The EU-JUST-CT project is funded by the European Commission’s Directorate General for Energy (N° ENER/D3/2020-74). Ionising radiation is widely used for medical diagnosis and treatment of major diseases, such as cancer and cardiac conditions. With about five-hundred million procedures carried out in the EU annually, diagnostic uses of ionising radiation – including x-ray based plain and computed tomography (CT) radiology, diagnostic nuclear medicine and hybrid imaging – are by far the most common.
While indispensable for modern medicine, ionising radiation is also a known carcinogen. European legislation (Council Directive 2013/59/Euratom (BSS)) has been issued, aiming to ensure that the medical uses of ionising radiation are appropriately justified and the radiation protection of patients and medical staff is optimised in line with international principles and guidance.
The BSS requires medical exposures to be ‘justified’, to ensure that their health benefit outweighs the individual detriment that the exposure might cause, taking into account the efficacy, benefits and risks of available alternative techniques. The Directive further requires individual radiological procedures to be justified in advance taking into account the specific objectives of the procedure and the patient’s characteristics, and prescribes a justification process under the clinical responsibility of a radiological practitioner and involving the referring physician. The Directive also requests Member States to introduce referral guidelines for medical imaging, which should be made available to the referrers.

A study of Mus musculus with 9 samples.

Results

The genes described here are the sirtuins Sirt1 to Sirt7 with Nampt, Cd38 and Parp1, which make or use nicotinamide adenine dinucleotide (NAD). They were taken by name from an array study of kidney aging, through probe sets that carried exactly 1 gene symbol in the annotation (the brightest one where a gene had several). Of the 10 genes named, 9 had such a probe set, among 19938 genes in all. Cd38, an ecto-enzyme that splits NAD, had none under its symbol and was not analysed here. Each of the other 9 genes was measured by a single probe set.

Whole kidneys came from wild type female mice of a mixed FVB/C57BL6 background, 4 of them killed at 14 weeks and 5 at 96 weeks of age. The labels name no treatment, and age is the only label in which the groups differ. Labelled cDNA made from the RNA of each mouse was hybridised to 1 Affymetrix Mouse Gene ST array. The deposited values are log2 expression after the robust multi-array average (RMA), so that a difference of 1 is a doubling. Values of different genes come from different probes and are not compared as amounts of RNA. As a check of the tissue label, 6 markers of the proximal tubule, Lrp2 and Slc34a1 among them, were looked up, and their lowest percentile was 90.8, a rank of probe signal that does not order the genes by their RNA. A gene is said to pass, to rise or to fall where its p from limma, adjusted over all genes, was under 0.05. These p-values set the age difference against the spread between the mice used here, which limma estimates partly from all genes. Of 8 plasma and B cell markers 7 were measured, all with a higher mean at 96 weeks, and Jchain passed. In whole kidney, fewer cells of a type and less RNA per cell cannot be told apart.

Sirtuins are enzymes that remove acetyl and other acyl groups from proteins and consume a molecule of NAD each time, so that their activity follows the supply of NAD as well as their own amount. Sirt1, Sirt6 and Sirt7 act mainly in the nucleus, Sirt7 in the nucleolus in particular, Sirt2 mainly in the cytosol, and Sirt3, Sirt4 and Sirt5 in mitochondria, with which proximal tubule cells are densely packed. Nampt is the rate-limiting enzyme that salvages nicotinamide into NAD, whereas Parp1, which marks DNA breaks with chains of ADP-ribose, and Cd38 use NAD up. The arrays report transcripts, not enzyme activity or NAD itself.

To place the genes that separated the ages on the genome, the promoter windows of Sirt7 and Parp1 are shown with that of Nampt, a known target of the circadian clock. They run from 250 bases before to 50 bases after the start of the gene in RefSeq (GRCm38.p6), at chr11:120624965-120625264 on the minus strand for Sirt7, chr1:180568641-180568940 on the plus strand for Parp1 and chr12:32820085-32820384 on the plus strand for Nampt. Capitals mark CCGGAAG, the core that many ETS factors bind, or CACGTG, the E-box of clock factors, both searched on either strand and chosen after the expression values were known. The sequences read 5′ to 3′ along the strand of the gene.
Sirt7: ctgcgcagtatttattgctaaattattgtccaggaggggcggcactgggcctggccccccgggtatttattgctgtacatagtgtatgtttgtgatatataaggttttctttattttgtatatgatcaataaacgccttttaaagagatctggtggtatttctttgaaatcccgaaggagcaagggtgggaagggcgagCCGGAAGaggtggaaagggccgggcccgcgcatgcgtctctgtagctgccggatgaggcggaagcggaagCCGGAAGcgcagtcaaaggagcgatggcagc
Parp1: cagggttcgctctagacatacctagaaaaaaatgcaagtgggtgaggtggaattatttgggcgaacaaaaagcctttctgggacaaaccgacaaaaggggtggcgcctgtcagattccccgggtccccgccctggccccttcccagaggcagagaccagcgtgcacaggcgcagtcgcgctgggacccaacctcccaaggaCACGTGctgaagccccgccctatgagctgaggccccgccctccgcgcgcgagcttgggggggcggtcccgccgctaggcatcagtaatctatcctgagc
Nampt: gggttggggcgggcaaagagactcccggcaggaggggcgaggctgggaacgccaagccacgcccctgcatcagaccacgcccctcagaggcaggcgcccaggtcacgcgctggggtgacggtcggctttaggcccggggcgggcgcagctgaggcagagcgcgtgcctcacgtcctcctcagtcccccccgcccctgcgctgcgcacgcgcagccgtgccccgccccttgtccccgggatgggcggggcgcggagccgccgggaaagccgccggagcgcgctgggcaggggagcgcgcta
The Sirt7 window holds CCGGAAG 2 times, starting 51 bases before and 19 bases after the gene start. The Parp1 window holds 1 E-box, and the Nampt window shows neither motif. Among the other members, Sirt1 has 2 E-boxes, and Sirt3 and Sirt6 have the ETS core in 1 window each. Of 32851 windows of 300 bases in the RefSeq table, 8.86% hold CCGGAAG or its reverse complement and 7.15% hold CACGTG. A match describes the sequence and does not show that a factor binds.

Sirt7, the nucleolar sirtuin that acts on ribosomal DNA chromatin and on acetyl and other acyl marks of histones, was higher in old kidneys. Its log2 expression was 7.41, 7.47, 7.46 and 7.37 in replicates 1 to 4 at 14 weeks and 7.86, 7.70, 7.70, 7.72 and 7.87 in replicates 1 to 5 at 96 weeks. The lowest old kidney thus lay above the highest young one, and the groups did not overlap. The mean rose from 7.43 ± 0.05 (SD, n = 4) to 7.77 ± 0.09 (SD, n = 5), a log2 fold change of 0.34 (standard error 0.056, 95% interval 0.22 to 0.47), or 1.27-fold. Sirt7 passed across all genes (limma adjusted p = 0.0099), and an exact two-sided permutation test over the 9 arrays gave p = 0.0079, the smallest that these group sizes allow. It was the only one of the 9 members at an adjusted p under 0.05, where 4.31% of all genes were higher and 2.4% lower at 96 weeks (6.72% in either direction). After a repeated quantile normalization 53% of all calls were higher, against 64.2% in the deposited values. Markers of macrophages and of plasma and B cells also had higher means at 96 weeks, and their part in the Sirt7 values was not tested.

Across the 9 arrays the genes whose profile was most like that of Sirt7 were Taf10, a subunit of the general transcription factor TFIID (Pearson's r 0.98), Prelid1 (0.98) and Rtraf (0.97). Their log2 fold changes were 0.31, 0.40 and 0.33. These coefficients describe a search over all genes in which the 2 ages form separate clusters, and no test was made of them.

In the past couple of decades, the rise of computed tomography (CT) has led to significant increase in the patient radiation doses in advanced economies. CT is now responsible for more than half of the medical radiation exposure of the EU citizens, and is a subject of particular concern. Several studies have shown a significant rate of unjustified computed-tomography (CT) exams, in the range of 20-40% overall and reaching more than 70% for some procedures.
Recognising the significance of this, in December 2015 the Council issued Conclusions on “Justification of medical imaging involving exposure to ionising radiation”. The Council Conclusions call upon Member States to undertake actions to improve the situation, including strengthening the application of clinical audits in relation to justification and the implementation of referral guidelines for medical imaging.
Notwithstanding the above studies and initiatives, only a limited number of national audits and studies of CT justification have been carried out in Member States. The general objective of the EU-JUST-CT project is to improve the justification of computed tomography in the EU through the development and implementation of common approach and co-ordinated action in this area among Member States. The work is part of the broader SAMIRA initiative and closely related to the Commission’s ongoing work on clinical audit e.g. the QuADRANT project.